Today on The Current, Oct. 29, 2020:
In a special edition, The Current looks at the impact of COVID-19 on the economy, and how Canadian workers and businesses are adapting to immense change.
Unemployment figures may be improving, but some industries remain hard hit. We talk to Chris Brewer, a laid-off WestJet flight attendant in Vancouver who is making ends meet working for FedEx; Saly Davis, whose salon near Moncton, N.B., recently went through a second shutdown; and Jeremy Jestican, an out-of-work oil and gas industry scaffolder who worries about the mental health impact of all this uncertainty.
For many, the novelty of #WFHIS (working from home, in sweatpants) has given way to questions about a permanent shift. Stewart Butterfield, CEO of business communications company Slack, discusses how his company met demand when the working world went remote, and whether the era of the downtown office will ever return.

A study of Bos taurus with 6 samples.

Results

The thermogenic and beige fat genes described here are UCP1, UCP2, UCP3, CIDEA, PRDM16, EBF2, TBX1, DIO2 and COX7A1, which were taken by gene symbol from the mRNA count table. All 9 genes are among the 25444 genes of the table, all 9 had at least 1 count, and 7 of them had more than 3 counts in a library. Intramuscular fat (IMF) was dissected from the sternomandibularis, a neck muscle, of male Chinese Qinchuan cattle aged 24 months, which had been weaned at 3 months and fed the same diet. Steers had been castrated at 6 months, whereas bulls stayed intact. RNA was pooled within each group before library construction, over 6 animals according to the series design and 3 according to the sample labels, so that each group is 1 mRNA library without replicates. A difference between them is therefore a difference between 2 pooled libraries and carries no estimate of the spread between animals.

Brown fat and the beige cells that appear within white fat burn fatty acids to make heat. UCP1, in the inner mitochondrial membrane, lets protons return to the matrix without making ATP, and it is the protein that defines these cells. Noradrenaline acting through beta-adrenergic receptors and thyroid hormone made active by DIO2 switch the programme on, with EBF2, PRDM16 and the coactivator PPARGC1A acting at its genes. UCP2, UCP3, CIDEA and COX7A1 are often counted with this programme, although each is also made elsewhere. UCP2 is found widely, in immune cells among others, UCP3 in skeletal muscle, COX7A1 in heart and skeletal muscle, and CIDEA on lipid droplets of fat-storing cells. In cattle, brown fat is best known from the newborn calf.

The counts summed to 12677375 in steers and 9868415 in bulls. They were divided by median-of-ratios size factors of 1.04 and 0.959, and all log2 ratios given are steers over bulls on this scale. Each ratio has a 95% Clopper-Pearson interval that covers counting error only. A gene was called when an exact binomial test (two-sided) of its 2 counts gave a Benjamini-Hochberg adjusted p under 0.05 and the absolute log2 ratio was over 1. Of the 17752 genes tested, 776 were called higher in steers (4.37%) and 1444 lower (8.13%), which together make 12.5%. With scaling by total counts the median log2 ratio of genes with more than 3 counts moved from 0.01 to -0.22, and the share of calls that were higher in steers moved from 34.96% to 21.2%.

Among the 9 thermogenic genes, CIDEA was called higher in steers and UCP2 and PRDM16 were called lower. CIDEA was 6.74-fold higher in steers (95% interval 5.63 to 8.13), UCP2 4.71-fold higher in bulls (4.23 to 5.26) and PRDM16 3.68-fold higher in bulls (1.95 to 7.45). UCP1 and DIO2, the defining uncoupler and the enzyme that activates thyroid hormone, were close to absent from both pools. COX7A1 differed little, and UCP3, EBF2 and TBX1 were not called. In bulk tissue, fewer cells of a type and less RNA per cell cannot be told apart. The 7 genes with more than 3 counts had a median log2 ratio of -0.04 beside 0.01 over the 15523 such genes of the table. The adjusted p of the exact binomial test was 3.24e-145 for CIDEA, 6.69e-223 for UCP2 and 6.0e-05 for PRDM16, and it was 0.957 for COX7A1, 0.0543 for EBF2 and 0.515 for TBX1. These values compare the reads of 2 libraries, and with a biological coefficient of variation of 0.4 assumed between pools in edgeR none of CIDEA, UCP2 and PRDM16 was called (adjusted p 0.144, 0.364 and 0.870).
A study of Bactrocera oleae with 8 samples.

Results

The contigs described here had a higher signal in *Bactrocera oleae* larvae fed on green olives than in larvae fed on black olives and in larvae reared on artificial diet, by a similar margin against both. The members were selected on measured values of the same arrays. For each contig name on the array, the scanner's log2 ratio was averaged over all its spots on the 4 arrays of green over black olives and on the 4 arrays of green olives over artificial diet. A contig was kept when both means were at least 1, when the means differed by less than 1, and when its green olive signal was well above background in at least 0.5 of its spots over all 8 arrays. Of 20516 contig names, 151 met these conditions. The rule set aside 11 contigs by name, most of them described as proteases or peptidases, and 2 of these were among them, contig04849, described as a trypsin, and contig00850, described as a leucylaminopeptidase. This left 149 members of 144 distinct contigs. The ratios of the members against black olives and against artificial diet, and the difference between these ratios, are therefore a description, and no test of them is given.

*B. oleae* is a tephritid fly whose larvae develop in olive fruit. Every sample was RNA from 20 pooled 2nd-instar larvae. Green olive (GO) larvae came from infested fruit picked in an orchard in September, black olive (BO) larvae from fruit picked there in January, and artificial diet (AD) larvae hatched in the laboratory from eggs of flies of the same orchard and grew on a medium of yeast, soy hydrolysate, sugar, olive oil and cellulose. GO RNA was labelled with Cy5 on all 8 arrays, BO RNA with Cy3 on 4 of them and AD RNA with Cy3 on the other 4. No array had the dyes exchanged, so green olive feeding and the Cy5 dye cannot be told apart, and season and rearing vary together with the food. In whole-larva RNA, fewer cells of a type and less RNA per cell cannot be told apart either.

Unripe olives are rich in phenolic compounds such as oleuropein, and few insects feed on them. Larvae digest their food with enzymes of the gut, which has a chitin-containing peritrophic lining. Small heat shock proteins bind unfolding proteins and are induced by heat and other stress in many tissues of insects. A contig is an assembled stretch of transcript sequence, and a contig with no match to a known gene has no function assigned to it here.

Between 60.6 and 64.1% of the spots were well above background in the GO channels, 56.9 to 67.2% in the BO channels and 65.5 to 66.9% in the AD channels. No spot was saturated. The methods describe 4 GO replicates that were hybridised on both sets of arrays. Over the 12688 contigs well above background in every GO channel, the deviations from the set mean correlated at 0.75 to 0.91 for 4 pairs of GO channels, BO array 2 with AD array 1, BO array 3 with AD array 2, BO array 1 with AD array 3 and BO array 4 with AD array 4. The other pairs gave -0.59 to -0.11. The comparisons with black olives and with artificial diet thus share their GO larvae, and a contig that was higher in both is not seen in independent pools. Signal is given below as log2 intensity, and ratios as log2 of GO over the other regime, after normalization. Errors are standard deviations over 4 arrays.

Can old ideas help us get through this modern financial storm? We hear from some Canadians involved in a susu, a traditional African and Caribbean savings club, where friends save together and share the wealth. Ginelle Skerritt, a banker lady for eight susu groups in the Toronto area, says they’re “a way of empowering our communities to move and to do things with money” — without having to rely on formal banking structures.
Is there a better way forward for the Canadian economy? We talk to Anita McGahan, a professor of strategic management and global affairs at the University of Toronto, about how COVID-19 has fast-tracked change for some industries and workers — and how Canada might seize on this moment, and make the most of it.